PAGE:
Membrane‐Containing Bacteriophages


Viruses exhibit vast diversity in their form and function and are by far the most numerous (estimates 1030–1032) organisms on earth. The largest group among viruses is bacteriophages (phages), the viruses that infect bacteria, with over 6000 identified members. Vast majority of the phages are composed of protein and nucleic acid with a head–tail morphology. Polyhedral, filamentous or pleomorphic phages comprise only less than 4% of the described bacteriophages, and a minority of these has lipid constituents in addition to nucleic acid and protein. These membrane‐containing bacteriophages form a diverse group of viruses and the major virus morphotypes are represented by the members of the virus families , and . The lipids as a bilayer can either form the outermost layer of the virion or be enclosed within the virus capsid. In both cases, the viral membranes are involved in cell entry processes.

Key Concepts

  • Membrane‐containing bacteriophages are a diverse group of bacterial viruses.
  • Bacteriophages with a membrane are usually sensitive to organic solvents and detergents.
  • Lipids in the viral membrane have a bilayer structure.
  • The virion proteins are all virus specific, but lipids are derived from host cytoplasmic membrane.
  • During virus morphogenesis, the virus‐specific membrane proteins exclude host proteins during formation of the viral membrane.
  • The viral protein‐rich membranes have an essential role during entry mediating the translocation of the genome across the bacterial cell envelopes.

Keywords: bacterial virus; lipid‐containing bacteriophage; membrane‐containing bacteriophage; virus evolution; life cycle

Figure 1. Morphotypes of the membrane‐containing bacteriophages. The type species of the membrane‐containing bacteriophage families and unassigned phages P23‐77, icosahedral phage 1 (SSIP‐1) and L172 are drawn to scale (Bar is 100 nm). Protein (blue), lipid bilayer (orange), DNA (purple) and RNA (red) are coloured. Double‐stranded and single‐stranded genomes are indicated by double and single lines, respectively.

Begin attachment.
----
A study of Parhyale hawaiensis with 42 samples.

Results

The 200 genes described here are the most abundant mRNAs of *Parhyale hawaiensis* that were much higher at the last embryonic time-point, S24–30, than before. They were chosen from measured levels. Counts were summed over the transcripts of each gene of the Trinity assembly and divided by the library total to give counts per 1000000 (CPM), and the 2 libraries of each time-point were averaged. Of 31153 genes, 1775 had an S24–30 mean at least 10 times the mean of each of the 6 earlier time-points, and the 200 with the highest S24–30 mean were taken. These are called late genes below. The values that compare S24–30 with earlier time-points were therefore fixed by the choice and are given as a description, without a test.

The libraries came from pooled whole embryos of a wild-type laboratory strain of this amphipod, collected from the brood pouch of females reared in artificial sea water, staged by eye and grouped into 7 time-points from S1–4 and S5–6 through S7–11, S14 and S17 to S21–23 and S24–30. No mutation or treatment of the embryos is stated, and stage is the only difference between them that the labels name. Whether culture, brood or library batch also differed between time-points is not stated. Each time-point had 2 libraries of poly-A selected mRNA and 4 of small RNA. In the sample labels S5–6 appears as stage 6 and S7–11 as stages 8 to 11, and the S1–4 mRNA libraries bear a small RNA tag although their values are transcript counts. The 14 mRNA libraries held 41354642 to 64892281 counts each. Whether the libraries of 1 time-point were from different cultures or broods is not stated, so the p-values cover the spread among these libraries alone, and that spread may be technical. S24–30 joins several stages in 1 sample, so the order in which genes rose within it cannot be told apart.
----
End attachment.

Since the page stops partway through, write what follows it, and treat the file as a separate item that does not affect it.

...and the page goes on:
Figure 2. Corticovirus PM2. A schematic presentation of the virion architecture and functions of the proteins.
Figure 3. Tectivirus PRD1. (Upper panel) A schematic presentation of the PRD1 virion architecture and functions of the proteins. (Lower panel) Schematic presentation of the PRD1 life cycle. (A) The phage adsorbs onto the host surface. (B) The membrane transforms to the tubular form followed by DNA injection into the cytoplasm. (C and D) After DNA delivery, protein‐primed genome replication, transcription and translation take place. (E and F) During translation, the capsid proteins accumulate into the cytosol, whereas the viral membrane‐associated proteins are addressed to the cytoplasmic membrane. The cellular chaperone GroEL/GroES is necessary for the folding of several phage proteins. (G) Upon procapsid assembly, the virus‐specific patch is pinched off from the host cytoplasmic membrane and the soluble capsid proteins interact with the virus‐specific membrane. (H) The procapsid consisting of capsid enclosing the empty membrane is formed. (I) The genome is packaged into procapsid by the packaging ATPase P9 through a unique vertex. (J) The mature virions are released via lysis.
Figure 4. Cystovirus φ6. (a) A schematic presentation of the φ6 virion architecture and functions of the proteins. (b) Schematic presentation of the φ6 life cycle. (A) The phage adsorbs to the host pilus. (B) Fusion between viral envelope and host outer membrane. (C) Peptidoglycan digestion. (D and E) Penetration of plasma membrane. (F) Early transcription. (G and H) Assembly of empty polymerase complexes. (I) Sequential packaging of the three single‐stranded genomic precursor s, m and l into the empty polymerase complexes. (J and K) Synthesis of complementary RNA strands in the polymerase complex. (L) Late transcription. (M) Synthesis and assembly of nucleocapsid shell protein P8; synthesis of viral membrane proteins on the plasma membrane. (N) Intracellular translocation of envelopes onto the nucleocapsids; assembly of P3 spikes on the enveloped virions. (O) Release of mature virions by virus‐induced host cell lysis. Reproduced with permission from Poranen and Bamford (2011) © Springer.



Abrescia NGA, Grimes JM, Fry EE, et al. (2010) What does it take to make a virus: the concept of the viral “self”. In: Stockley PG and Twarock R, (eds). Emerging Topics in Physical Virology, pp. 35–38. London: Imperial Collage Press.

Atanasova NS, Senčilo A, Pietilä MK, et al. (2015) Comparison of lipid‐containing bacterial and archaeal viruses. Advances in Virus Research, 92: 1–61.